I’ve been making the drive back and forth to our Cincinnati office the last two weeks (about 3.5 hours in good traffic) and audiobooks are the perfect entertainment. I can catch up on my reading while I drive and some books are just better on audio. This week, I managed to pick up two books with similar themes, although told in very different ways. The first, and definitely the better of the two, is Midwinterblood by Marcus Sedgwick.
This isn’t my usual reading fair – there’s more romance than I normally go for – but the premise is interesting. Seven interwoven stories, seven different time periods, three names that turn up again and again. Eric, Merle, and Tor appear over and over in these stories: Eric is a journalist in the near future, writing an investigative article on a mysterious island in the far north where residents seem to live forever. Tor and Merle are a married couple who rescue a wartime aviator who crashes on their property. Merle and Eric are brother and sister, living among the Vikings, and Tor is their uncle. The relationships change, the situations change, but these characters inhabit every story. As we move back in time, back to the beginning of their story, they are constantly reaching out to each other, circling around each other.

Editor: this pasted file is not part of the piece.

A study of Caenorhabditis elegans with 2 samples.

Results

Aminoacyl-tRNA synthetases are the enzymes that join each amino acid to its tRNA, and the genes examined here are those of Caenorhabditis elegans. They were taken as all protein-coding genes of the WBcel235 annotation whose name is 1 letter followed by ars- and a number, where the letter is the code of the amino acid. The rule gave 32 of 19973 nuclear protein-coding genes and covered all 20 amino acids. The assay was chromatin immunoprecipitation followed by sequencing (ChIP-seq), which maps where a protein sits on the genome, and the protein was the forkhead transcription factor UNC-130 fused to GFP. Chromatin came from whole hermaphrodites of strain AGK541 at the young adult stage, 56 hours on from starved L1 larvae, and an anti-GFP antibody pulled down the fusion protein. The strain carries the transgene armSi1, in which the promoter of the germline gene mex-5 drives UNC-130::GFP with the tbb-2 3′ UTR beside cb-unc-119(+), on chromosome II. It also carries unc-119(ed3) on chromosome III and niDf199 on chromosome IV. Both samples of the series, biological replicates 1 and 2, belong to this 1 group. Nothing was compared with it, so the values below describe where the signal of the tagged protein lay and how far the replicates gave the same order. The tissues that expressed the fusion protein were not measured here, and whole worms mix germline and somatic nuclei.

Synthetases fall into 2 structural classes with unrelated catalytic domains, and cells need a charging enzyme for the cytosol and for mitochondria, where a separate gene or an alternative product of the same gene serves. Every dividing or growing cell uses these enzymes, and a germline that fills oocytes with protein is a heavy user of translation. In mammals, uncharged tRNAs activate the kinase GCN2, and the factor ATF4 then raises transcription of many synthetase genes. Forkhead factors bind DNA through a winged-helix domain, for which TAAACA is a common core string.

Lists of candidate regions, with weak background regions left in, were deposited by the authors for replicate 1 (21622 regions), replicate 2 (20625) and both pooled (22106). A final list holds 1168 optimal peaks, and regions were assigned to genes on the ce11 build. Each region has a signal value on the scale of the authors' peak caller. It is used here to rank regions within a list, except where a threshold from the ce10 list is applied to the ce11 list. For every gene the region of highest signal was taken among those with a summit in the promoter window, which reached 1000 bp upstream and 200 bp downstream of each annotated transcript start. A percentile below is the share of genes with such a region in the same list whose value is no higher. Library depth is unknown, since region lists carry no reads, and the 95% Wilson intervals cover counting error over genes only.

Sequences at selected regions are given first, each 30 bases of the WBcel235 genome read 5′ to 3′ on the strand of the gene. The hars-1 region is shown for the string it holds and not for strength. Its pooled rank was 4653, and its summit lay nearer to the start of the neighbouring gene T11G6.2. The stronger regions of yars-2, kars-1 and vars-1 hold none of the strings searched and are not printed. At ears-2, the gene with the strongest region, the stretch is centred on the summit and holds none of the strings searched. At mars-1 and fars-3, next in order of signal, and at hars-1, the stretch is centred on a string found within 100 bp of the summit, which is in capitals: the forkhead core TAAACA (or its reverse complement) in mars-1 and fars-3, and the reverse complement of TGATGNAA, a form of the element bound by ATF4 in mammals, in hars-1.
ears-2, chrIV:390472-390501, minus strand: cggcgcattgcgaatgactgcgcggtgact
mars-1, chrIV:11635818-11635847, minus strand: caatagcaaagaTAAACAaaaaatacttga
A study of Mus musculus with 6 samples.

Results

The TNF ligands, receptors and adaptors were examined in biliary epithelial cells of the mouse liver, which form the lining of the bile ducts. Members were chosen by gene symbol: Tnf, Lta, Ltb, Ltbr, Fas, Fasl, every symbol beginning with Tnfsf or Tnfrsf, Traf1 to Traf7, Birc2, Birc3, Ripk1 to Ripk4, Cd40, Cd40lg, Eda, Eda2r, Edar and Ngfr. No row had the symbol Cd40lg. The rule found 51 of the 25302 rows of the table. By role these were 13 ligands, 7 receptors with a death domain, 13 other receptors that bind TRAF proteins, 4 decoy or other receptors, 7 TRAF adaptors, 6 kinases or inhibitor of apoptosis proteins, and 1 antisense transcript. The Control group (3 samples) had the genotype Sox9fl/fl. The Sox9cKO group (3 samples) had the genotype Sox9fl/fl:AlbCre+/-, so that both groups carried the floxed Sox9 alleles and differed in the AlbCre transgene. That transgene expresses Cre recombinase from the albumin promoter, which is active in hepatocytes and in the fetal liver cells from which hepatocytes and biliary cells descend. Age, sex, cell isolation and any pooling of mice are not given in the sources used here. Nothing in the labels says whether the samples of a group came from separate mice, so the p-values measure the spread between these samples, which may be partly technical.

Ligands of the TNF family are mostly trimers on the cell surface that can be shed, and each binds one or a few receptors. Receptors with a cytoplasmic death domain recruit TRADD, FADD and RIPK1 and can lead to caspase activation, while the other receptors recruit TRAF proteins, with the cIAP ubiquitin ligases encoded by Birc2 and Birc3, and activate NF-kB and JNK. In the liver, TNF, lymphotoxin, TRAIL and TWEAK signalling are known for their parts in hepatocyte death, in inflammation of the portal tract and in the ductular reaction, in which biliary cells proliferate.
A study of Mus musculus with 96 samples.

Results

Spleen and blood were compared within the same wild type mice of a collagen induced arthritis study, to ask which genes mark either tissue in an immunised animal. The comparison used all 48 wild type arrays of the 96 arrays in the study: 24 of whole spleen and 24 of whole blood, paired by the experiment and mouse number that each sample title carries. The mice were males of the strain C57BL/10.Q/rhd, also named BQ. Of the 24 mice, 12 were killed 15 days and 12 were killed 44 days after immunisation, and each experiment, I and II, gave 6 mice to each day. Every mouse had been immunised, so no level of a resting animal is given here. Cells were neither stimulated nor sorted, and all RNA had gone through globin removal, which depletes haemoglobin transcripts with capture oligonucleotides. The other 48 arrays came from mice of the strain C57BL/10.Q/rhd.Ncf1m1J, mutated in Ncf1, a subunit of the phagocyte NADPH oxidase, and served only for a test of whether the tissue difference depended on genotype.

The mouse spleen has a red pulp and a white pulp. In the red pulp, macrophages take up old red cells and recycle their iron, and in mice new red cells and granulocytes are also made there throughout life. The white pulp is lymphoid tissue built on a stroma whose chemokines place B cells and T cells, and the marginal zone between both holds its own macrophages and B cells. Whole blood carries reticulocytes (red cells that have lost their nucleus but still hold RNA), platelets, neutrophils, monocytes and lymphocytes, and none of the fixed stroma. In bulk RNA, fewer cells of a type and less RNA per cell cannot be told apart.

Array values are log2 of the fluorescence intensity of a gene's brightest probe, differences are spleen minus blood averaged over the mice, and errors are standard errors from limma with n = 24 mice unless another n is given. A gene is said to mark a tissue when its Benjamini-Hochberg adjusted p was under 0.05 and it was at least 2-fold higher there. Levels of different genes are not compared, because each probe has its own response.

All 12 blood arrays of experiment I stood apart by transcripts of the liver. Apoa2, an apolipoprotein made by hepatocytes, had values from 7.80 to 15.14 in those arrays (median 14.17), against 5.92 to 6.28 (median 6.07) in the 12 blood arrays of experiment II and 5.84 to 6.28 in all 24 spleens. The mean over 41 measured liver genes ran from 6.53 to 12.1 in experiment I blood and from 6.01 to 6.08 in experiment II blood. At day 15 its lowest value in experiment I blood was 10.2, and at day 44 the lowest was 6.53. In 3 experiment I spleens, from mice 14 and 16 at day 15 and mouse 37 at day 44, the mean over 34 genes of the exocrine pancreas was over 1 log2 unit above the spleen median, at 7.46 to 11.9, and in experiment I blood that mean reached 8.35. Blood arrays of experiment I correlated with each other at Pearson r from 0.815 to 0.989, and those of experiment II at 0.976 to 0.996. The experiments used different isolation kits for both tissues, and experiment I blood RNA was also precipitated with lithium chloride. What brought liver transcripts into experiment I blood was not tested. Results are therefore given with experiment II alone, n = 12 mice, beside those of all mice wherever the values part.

This reminded me a bit of Cloud Atlas by David Mitchell, one of my all-time favorite novels. It’s not in that class, but they cover some of the same territory: the idea that we are surrounded by people we know and love, throughout many lives and incarnations. In the ebb and flow of time and reincarnation, these people always come to the same place. They are always connected to one another.
I think what I enjoyed about this is the way that the stories differ. It is not as though these characters lead the same lives, fall in love in the same way, or even relate to each other the same way, time after time. Merle and Eric might be lovers, or they might be mother and son. It made the stories more interesting, as you watched the various connections unfold. I also liked watching for the small details that tied the stories together — the bit of wood in the grave, the painting, the hare. They give the reader something to discover, something to watch for in each story, and you get to wonder and speculate on how the details in each story will manifest as you move through the centuries.
Midwinterblood made for a very entertaining ride. The second novel I spoke of, which I hope to finish and review next week, isn’t faring nearly as well. This audiobook came to me through the Kent Free Libary.